AKC Gazette

September 1998




Recently I received an inquiry from a lady in my area wanting to know “everything” about how to breed and raise a litter of Bulldog puppies. I suspect each inquiries from prospective breeders are common in today’s canine marketplace. Thanks in part to a rash of nationally televised commercials, Bulldogs are now a rather high-profile breed.

Contributing to the increased interest in breeding litters of Bulldogs may be the relatively high prices most Bulldog breeders are fetching nationwide for pet-quality puppies. My personal observations are that breeders are having no trouble disposing of 8-week-old puppies for high prices. People such as the lady who called, who just happens to possess a breedable pet-quality male and bitch, might easily be motivated by dollar signs.

Given that almost all Bulldog bitches are artificially inseminated and that all Bulldog puppies are delivered by caesarean section, the cost of these clinical procedures does not seem to deter the first-time breeder. If the bitch is able to survive this major surgery and is bred again in six months, the “backyard breeder” might plan to reap a significant profit in just 12 months’ time. Provided the bitch remains fertile for another four or five years, the take from only one bitch could mean a good chunk of tax-free income, or so some would-be breeders might assume. It does not take a rocket scientist to figure out that such motivations are likely to trigger the beginning of a puppy mill.

Reputable breeders do not engage in this kind of breeding program, and they are constantly on the alert for prospective buyers who claim they only want ‘a companion’ for their other unneutered, pet Bulldog. Many reputable breeders now require suspected “backyard breeders” to agree by contract to have the puppy neutered when it reaches the appropriate age to do so. However, the terms of these sales contracts can easily be violated, and they are difficult to track and enforce.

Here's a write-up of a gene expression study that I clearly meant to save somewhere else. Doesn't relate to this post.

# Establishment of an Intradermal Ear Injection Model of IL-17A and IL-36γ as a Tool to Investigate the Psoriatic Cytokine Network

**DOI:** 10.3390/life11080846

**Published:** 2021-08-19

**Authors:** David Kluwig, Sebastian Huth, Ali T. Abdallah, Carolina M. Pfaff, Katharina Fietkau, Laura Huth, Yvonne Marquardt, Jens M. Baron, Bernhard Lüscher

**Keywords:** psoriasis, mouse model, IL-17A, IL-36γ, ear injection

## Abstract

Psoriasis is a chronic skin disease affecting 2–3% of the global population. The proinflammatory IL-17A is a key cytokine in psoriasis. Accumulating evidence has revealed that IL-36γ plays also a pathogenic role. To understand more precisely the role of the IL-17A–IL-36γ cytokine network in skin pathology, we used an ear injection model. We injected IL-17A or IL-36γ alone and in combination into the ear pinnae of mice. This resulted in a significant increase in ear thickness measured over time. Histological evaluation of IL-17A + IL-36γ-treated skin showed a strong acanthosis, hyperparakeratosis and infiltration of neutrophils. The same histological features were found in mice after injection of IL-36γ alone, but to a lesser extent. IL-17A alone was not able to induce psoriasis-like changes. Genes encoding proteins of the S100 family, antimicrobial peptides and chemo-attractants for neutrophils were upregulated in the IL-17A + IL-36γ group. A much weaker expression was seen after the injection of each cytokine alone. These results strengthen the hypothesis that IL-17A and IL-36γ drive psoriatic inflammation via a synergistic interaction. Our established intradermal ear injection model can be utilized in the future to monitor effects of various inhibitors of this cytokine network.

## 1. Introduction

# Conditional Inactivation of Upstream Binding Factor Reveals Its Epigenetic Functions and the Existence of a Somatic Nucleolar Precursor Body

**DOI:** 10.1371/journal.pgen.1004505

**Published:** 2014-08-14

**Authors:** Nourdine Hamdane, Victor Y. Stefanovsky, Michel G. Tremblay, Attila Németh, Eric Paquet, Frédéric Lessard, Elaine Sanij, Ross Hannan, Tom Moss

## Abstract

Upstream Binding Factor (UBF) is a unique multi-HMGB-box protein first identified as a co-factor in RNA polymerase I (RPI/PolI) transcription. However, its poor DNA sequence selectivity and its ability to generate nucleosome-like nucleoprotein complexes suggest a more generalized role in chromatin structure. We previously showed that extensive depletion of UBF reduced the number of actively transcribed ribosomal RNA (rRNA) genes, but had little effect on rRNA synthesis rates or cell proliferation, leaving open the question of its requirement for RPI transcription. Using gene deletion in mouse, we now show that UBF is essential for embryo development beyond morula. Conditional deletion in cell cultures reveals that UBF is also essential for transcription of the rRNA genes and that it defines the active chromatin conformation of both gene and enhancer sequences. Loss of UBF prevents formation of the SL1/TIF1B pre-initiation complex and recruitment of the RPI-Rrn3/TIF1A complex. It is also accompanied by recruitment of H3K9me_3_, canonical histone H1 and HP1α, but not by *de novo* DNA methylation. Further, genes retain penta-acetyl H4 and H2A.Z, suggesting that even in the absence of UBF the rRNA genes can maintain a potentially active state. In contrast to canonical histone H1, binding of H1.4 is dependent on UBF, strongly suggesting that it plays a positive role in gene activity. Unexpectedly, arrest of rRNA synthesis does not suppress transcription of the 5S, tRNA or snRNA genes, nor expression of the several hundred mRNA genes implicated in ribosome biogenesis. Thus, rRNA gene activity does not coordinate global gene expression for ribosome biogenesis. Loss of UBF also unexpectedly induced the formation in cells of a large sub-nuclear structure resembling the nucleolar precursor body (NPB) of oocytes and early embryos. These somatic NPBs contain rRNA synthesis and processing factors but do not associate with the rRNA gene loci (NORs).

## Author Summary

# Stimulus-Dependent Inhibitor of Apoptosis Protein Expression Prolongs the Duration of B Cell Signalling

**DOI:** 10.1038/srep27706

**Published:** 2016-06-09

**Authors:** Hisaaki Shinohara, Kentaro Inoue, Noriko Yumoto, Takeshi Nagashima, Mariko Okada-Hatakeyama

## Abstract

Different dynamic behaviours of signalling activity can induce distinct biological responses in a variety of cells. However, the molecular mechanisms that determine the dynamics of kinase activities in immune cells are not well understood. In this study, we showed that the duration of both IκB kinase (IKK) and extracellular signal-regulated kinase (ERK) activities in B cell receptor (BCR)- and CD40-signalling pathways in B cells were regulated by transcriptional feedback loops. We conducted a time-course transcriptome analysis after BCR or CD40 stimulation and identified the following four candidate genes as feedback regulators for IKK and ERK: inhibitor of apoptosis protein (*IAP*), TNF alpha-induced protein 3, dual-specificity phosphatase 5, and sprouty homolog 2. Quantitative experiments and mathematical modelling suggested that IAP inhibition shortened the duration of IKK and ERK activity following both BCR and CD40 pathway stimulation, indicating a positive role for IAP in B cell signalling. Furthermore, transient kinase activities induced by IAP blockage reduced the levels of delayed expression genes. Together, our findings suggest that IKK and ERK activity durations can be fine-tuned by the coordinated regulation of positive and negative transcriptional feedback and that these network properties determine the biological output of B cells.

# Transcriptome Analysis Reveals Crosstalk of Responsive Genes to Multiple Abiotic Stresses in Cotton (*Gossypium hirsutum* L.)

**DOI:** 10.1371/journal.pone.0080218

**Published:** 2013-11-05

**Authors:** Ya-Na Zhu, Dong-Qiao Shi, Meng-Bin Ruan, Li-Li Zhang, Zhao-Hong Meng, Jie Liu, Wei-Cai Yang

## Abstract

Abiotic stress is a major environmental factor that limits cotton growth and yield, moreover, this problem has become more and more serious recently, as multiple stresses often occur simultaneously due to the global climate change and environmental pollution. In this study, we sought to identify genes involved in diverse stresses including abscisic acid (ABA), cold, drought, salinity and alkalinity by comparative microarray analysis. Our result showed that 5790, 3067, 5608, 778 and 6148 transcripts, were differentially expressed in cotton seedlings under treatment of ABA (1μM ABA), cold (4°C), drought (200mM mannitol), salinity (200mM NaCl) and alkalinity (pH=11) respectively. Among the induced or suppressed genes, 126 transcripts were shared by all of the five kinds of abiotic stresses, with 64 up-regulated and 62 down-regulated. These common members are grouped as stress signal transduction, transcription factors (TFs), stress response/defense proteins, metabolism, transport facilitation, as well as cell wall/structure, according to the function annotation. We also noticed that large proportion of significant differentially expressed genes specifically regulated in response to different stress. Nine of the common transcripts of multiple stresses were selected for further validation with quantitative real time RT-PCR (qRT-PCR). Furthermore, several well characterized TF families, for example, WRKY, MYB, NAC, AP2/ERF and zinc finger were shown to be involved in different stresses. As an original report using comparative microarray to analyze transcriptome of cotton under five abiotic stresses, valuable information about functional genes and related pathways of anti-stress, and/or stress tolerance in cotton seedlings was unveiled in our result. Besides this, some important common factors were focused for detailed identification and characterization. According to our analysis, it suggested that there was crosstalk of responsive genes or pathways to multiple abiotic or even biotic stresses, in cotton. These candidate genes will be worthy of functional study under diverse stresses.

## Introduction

The use of the AKC’s limited registration option may provide the reputable breeder with better control, since dogs so registered cannot produce AKC-registrable litters. Yet many breeders of quality dogs are reluctant to use this option for puppies sold as pets. Breeders may want, for various legitimate reasons, to preserve certain successful bloodlines, in case other animals of the line are unbreedable.

Not all novice breeders represent would-be puppy mills. If all or most reputable breeders were to insist on limited registrations for all puppies sold as pets, the number of serious new breeders would theoretically, and no doubt unnecessarily, decline. One could argue that the number of serious, reputable breeders has to be increased rather than diminished. We need more Bulldogs of quality, not fewer of them.

For many years, it has been my belief that pet buyers who pay a high price for puppies will take better care of them. Many prominent breeders I know share this philosophy, perhaps another reason pet Bulldog puppies cost so much.

Reputable breeders are in a situation where the more they ask for their puppies, the more other, less scrupulous people want to breed and sell puppies for a profit.

There is no simple, surefire way to prevent this dangerous proliferation of pet-quality specimens in such a popular breed, The best that we can do is to continue to tightly screen prospective buyers to determine their motives and rigorously follow up after the sale.

  1. William Andree, 204 S. Beach Dr., Monticello, IN 47960.